ELKHART — A major trail renovation project aimed at closing the gap between the Elkhart and Goshen trail systems could begin as early as this spring, according to officials close to the project.
Central to the project, known as the New River Greenway project, is a nearly $650,000 grant recently awarded to the city of Elkhart through the Indiana Department of Natural Resources’ Next Level Trails Grant Program.
According to Jeff Zavatsky, director of the Elkhart Environmental Center, officials with the city’s parks, engineering and community development departments put together a grant proposal for the funding back in 2019, and the grant was officially awarded to the city in the spring of 2021.
“The whole goal of the project is really to kind of connect Elkhart all the way to Goshen, and kind of close the gaps that we have as far as the few bike trails that we have, and trying to get bikes off the road and into a safer area,” Zavatsky said of the project. “The plan is basically to start in the Downtown River District and head all the way out through Studebaker Park, and then join the River Greenway Trail through Studebaker, come through the Elkhart Environmental Center, and then connect to the MapleHeart Trail at Hively Avenue.”
From there, Zavatsky said the trail system will eventually connect to the existing trail system at Ox Bow Park, through Goshen, and out to the Pumpkinvine Trail, providing a continuous link between Elkhart and Goshen.
As for the work itself, Zavatsky said most of the work will involve upgrades and improvements to already existing trails, rather than the creation of any new trails.
“Because right now some of it is just natural ground, some is rock, and once this is all finished, it’s all going to be asphalt,” Zavatsky said of the trail work. “So, it’s going to be a nice, hard surface. And being a hard surface, that also opens the trails for challenged people who can’t do the trails currently. So, senior citizens, people in wheelchairs, etc., will be able to experience this as well.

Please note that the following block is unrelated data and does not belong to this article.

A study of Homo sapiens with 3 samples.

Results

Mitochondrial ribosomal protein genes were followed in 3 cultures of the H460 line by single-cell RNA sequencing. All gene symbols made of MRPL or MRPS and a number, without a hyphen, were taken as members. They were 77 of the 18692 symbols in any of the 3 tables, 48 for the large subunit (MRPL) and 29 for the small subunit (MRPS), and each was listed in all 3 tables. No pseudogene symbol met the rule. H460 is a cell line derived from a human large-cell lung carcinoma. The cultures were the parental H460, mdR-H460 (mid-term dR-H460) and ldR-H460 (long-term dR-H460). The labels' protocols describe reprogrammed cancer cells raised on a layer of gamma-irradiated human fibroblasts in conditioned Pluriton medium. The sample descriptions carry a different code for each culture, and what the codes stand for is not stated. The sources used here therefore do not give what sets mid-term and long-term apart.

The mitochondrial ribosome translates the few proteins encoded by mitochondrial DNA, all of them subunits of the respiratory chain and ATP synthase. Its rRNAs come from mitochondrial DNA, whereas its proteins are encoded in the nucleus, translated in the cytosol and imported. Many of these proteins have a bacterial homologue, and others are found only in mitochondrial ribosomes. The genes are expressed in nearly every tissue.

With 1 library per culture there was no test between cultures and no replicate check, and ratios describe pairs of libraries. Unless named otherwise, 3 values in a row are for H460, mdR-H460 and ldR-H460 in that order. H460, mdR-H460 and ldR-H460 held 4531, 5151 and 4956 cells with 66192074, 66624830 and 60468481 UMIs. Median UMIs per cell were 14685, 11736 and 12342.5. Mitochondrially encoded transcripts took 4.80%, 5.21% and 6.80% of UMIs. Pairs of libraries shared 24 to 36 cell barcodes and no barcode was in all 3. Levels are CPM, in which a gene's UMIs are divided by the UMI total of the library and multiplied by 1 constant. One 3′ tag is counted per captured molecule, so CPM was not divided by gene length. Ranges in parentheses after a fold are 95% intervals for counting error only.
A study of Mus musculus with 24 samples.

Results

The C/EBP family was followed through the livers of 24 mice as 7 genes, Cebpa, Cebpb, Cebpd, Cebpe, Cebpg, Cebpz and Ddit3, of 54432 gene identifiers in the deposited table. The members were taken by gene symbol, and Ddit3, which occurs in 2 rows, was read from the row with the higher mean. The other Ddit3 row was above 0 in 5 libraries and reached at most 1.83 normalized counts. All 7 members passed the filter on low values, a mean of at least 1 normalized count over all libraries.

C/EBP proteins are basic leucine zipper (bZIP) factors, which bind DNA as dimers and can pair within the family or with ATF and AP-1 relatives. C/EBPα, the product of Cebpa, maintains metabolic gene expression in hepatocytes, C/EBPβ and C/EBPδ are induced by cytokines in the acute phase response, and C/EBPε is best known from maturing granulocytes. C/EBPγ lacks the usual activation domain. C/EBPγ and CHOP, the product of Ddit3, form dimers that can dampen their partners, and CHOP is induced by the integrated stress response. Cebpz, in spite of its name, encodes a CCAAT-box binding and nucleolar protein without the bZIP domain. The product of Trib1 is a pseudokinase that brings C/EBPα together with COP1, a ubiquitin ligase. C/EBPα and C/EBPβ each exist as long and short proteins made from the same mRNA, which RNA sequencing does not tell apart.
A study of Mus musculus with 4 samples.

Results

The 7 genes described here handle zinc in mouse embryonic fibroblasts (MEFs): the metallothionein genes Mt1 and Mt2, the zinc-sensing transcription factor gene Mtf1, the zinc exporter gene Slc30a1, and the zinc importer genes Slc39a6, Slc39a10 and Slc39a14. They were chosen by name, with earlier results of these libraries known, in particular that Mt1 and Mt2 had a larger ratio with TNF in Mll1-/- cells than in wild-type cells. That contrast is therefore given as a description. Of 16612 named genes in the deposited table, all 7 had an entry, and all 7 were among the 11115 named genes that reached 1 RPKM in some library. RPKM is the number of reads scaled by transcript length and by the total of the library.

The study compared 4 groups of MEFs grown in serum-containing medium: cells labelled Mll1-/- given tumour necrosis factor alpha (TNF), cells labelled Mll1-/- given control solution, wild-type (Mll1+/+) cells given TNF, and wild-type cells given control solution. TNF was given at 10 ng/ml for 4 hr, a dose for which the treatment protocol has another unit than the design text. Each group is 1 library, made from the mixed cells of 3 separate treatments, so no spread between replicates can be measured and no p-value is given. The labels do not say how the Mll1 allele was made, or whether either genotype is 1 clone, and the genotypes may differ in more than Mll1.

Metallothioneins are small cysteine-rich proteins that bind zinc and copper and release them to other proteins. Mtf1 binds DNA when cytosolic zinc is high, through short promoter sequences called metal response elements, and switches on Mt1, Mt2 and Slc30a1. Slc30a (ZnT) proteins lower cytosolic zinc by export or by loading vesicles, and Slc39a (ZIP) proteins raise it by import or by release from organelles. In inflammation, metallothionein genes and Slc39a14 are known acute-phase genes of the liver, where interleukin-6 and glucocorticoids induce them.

“But the bulk of the funds I believe are really going to be geared toward the downtown area, because you’re dealing with a city that already has streets and roads,” he added. “That’s going to be the toughest thing to do as far as coexisting with cars, and integrating everything.”
Speaking to the cost of the project, Zavatsky said the total estimated cost currently falls right around $963,000.
“The Elkhart Redevelopment Commission appropriated the matching money in 2019, so this project is fully funded,” Zavatsky added, noting that the remaining cost of the project not covered by the $642,000 grant will be covered by the city.
And to hear him talk about it, it’s obvious Zavatsky sees the project as worth every bit of its nearly $1 million price tag.
“I mean, you have to have more than a job to live,” Zavatsky said of the benefits a quality trail system can bring to a community. “For Elkhart, Goshen, the Michiana area, when you look at our unemployment numbers, we have the jobs. But there’s more to life than working. There’s a quality of life aspect to it. And we have a people issue. We don’t have enough people to fill these jobs.
“So, if we’re looking to get people to come here, it’s going to take more than a job. It’s good schools, it’s recreation, it’s activities, it’s what else can they do,” he added. “And this is another tool in the playbook of the politicians that they can offer, showing that we have more than just jobs here. We have a quality of life for you, your family and your kids that you can experience here in this area.”
Looking at the project’s timeline, Zavatsky said the city is currently in the process of wrapping up all the necessary permitting work, and the goal is to break ground on the project this spring.
“So, possibly as early as March,” he added, “and then the plan is to be completely wrapped up by the summer of 2023.”